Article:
Insights from India...
In America, we are free to choose our relationships, our friends, our religion, traditions and pretty much everything. How would our life be if we were not free to choose? I could not help but wonder how someone who is given their spouse and meets them for the first time at the ceremony finds love and happiness. Meeting people who spoke about their beliefs, traditions and relationships was enlightening. Learning personal and intimate stories raised questions that cause me to ponder this more and inspired me to share my random thoughts with you.
One special man was open to share his story. I will refer to him as RJ. RJ's marriage was arranged when he was 16 and his wife 14. He had his own dreams and aspirations. He was just a boy living in a small village of 2000. He respected his parents and obeyed them. One day a strange man came to his village to meet his father. This man would change RJ's life forever. RJ was married by arrangement. The marriage was consummated 2 years after the ceremony. Even with this awkward beginning, the two found love and happiness. I was sure RJ would not arrange his own daughters marriage based on his own experience. I was wrong, So how does this tradition still exist today? And how can parents in India shelter their children from the modernization that is occurring? Like America, life in the large cities are much different than life in small towns. Villages are still an important structure in India, but many are leaving their families to find better work in the larger cities. Just as we do in America.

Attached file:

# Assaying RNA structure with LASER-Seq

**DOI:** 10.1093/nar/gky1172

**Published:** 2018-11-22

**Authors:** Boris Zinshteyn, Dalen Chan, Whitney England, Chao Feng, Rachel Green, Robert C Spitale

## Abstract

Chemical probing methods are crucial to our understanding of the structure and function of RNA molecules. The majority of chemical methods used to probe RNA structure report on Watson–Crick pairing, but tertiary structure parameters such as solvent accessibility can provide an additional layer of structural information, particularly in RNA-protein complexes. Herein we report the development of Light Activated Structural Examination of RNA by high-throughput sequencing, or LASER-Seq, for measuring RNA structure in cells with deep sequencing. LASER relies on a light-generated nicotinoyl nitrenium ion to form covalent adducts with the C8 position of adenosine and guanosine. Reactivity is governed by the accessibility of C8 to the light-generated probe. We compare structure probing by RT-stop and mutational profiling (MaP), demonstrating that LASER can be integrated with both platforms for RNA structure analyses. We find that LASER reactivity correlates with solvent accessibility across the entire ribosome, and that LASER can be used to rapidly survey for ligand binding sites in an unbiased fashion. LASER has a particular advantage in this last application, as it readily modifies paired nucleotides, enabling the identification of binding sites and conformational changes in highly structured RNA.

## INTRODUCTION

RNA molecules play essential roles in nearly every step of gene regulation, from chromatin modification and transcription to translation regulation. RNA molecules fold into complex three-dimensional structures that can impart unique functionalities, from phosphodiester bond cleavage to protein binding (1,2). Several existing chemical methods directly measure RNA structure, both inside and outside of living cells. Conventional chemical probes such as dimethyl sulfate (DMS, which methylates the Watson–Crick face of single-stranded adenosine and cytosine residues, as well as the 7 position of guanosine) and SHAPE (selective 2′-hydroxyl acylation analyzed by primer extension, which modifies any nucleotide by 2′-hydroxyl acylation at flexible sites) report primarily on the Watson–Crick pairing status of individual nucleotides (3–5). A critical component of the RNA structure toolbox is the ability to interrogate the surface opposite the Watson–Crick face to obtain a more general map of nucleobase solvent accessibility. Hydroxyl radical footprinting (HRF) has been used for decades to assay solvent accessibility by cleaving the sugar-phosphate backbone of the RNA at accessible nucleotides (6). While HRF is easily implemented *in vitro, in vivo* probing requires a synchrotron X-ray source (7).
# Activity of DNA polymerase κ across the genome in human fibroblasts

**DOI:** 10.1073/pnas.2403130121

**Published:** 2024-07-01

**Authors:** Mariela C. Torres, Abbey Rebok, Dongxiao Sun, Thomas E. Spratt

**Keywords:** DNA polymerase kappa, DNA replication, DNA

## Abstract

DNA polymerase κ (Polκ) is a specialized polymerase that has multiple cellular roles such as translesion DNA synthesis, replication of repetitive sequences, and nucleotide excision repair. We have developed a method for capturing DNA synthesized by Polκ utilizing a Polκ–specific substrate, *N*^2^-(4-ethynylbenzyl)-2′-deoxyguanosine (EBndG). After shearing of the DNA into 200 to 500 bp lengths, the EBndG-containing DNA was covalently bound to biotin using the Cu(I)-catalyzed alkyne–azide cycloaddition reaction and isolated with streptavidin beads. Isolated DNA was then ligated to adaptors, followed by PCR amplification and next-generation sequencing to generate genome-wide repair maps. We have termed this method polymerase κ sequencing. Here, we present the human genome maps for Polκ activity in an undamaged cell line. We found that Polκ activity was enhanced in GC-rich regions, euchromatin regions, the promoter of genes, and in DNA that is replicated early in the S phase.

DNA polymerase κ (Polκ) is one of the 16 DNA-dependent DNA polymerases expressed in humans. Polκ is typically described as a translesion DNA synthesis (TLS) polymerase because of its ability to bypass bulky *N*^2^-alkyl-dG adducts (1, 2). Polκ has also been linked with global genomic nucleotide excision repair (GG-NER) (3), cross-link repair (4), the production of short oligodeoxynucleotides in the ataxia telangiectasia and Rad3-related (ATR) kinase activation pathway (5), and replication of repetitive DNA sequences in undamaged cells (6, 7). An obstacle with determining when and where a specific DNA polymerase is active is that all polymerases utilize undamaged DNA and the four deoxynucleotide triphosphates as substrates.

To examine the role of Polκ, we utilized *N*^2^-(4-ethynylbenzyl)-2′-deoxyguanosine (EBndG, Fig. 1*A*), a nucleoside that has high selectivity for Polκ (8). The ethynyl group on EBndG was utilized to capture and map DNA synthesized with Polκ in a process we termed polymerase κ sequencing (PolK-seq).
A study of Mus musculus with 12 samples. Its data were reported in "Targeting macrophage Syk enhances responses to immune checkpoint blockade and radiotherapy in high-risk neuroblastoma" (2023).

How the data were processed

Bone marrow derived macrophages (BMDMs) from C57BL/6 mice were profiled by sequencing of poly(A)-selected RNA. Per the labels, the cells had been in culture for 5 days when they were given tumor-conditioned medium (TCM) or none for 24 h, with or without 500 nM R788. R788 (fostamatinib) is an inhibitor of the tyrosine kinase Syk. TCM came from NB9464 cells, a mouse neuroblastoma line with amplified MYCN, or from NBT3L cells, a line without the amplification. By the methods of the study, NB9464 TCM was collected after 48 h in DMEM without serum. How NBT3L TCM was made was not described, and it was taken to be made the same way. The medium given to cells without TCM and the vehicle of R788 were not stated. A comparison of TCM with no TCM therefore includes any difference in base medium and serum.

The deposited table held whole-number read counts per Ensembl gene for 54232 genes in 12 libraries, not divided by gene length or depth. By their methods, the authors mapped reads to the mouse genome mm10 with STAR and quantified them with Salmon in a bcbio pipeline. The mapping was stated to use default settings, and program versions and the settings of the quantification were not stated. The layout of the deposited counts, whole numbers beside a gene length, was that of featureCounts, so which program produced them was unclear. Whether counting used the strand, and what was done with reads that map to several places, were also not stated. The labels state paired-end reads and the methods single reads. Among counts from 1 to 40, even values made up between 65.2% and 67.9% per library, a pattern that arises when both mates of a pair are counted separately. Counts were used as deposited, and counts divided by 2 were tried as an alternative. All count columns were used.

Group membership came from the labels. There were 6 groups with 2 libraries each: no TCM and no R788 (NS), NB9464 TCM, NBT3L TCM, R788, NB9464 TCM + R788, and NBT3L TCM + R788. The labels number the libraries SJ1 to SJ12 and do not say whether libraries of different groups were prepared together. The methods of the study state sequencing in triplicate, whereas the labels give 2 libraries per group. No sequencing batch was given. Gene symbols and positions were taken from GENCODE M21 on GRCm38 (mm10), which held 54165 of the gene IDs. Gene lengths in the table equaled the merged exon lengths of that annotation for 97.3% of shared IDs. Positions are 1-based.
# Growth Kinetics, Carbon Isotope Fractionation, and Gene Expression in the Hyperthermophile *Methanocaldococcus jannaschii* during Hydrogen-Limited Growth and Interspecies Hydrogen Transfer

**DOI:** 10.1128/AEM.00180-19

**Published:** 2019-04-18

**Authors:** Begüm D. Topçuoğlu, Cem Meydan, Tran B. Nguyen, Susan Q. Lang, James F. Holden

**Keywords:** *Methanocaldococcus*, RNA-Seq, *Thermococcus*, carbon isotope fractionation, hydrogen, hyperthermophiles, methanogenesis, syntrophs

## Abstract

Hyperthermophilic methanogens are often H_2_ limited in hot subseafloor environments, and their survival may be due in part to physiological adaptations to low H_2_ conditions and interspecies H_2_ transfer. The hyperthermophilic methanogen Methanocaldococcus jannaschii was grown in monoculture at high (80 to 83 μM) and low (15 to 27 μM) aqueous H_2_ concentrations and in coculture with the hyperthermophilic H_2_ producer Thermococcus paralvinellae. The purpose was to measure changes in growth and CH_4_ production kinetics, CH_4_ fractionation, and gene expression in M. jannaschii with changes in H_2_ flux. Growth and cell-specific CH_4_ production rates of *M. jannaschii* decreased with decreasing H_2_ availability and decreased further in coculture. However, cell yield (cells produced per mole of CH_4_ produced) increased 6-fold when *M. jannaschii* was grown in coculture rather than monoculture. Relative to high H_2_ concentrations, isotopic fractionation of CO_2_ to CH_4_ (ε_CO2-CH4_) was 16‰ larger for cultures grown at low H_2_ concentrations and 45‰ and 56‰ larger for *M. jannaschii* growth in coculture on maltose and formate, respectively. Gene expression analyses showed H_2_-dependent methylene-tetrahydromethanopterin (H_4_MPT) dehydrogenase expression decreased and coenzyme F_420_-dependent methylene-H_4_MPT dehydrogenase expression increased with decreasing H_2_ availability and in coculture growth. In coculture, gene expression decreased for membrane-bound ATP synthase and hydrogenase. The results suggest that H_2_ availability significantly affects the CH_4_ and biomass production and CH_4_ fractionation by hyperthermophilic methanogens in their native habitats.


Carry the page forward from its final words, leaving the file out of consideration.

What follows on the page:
How does distance affect family culture and traditions. Does modernization break our families up? Is love and happiness more a part of family tradition and culture than just between two people? It seems that love needs roots, a grounding point to keep it growing. What impact does our broken families, working parents and high divorce rate have on our ability to nurture love and happiness? How do we pass this on to the next generations?
I am celebrating 25 years of marriage. I deeply love my husband and am grateful for our friendship and our two amazing kids (young adults). Love has always rooted us. I also believe that our family unit, extended family and friends who share our traditions, create a culture and bond that unites us. Time has a way of escaping and leaving behind remnants of what once was .... so what can we do about that?
It takes everyone working together to make a village of family. In America, it might not be blood relatives as in India, but its your tribe of people who become your family. Like the large family units in India, its your safe place to go where traditions, cultures and love protects and anchors you. So ... although we don't arrange marriage in America, we arrange our lives in ways that help us find love and happiness. This is our core, our trueness and from this center all else blossoms.
We can reject everything else: religion, ideology, all received wisdom. But we cannot escape the necessity of love and compassion. This, then, is my true religion, my simple faith. In this sense, there is no need for temple or church, for mosque or synagogue, no need for complicated philosophy, doctrine, or dogma. Our own heart, our own mind, is the temple. The doctrine is compassion. Love for others and respect for their rights and dignity, no matter who or what they are: ultimately these are all we need.